Malaysia’s economy expanded 1.5% q-o-q in Q2 2023, faster than Q1, but the y-o-y growth of 2.9% fell below expectations, indicating challenges due to weak external demand and elevated interest rates.



MALAYSIA – Official data published by Malaysia’s central bank, Bank Negara Malaysia (BNM), on 18 Aug show the Malaysian economy expanding by a seasonally-adjusted 1.5% quarter-on-quarter (q-o-q) in the second quarter of 2023 (Q1’23), faster than the 0.9% increase in the first quarter of 2023 (Q1’23).

However, the picture is by no means upbeat, according to BMI, Fitch Solutions’ unit.

“In year-on-year (y-o-y) terms, the economy expanded by 2.9% y-o-y in Q2’23, falling below consensus expectations of 3.3% and our forecast of 4.0%.

“The latest figures correspond to a sharp slowdown from 5.6% in Q1’23,” it said in a statement today.

Malaysia – Quarterly Real GDP Growth, % chg y-o-y

The weaker-than-expected reading for 2Q leaves its prevailing 2023 growth forecast of 4.2% appearing too upbeat. To achieve that, the economy must grow by an average of 4.1% in the second half of 2023 (H2’23).

“However, we think that this might prove challenging to attain against the backdrop of weak external demand and elevated interest rates.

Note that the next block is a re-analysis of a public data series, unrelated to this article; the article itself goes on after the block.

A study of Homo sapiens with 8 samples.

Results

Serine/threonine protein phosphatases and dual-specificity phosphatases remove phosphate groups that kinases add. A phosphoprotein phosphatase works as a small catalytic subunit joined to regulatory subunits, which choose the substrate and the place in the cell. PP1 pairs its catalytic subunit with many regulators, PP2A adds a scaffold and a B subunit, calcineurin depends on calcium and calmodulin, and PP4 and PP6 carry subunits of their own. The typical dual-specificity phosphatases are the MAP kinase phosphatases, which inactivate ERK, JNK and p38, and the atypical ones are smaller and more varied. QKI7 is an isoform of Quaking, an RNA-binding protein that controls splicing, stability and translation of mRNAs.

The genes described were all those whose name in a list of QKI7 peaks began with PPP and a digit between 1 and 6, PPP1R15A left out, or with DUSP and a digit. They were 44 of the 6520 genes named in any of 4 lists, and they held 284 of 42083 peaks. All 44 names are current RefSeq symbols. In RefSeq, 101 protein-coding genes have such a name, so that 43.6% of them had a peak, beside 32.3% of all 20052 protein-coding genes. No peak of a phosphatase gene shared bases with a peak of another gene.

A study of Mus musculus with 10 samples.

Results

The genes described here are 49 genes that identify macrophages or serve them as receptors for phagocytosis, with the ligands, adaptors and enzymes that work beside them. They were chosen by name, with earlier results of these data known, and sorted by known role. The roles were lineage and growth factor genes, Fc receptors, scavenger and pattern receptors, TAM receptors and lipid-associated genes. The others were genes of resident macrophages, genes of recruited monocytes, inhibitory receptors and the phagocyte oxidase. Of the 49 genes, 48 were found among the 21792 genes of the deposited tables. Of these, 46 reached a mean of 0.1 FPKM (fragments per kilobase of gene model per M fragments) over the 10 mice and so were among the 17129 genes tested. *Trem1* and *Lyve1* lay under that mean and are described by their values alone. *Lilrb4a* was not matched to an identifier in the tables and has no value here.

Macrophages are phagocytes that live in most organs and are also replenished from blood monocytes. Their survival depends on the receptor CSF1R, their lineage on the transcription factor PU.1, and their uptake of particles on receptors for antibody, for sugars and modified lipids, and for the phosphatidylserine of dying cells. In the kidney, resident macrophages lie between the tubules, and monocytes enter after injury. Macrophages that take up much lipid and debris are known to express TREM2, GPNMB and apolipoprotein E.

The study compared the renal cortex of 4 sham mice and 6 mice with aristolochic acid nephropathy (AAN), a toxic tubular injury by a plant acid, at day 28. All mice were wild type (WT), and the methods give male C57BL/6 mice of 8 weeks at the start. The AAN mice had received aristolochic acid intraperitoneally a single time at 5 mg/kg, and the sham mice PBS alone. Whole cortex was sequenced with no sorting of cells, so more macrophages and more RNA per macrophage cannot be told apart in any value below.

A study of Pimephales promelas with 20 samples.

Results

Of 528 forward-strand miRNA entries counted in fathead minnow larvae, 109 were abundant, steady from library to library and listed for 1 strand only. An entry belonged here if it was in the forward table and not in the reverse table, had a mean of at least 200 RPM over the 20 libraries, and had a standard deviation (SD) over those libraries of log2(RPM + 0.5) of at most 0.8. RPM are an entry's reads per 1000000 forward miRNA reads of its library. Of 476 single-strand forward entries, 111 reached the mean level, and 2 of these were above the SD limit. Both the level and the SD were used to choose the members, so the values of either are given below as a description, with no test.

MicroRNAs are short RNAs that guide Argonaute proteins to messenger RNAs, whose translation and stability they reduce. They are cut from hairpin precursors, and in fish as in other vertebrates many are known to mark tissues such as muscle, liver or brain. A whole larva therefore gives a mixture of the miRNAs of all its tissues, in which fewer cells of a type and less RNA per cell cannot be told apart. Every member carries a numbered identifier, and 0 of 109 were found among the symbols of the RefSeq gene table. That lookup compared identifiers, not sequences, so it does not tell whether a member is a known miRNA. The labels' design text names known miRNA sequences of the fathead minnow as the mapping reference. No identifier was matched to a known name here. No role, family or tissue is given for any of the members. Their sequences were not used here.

“Our forecast for the global economy to slow from 3.1% in 2022 to 2.4% in 2023 suggests limited room for Malaysia’s exports to recover in a material way in H2’23.

“We expect the weakness in Malaysia’s exports to have extended to the third quarter of 2023 (Q3’23) amid softer prices and demand for electronics and energy exports,” it said.

The research arm added another headwind stems from El Nino, which since June has led to adverse weather conditions and weighed on commodity production.

“Meanwhile, we expect high interest rates to impede domestic activity. We think that BNM is comfortable leaving its overnight policy rate at 3% for the rest of the year, suggesting that restrictive monetary conditions will persist for some time and that the current strength in consumption and investment will wane off gradually.

“We will take all of these into account when we firm up our forecast in a forthcoming article,” it said.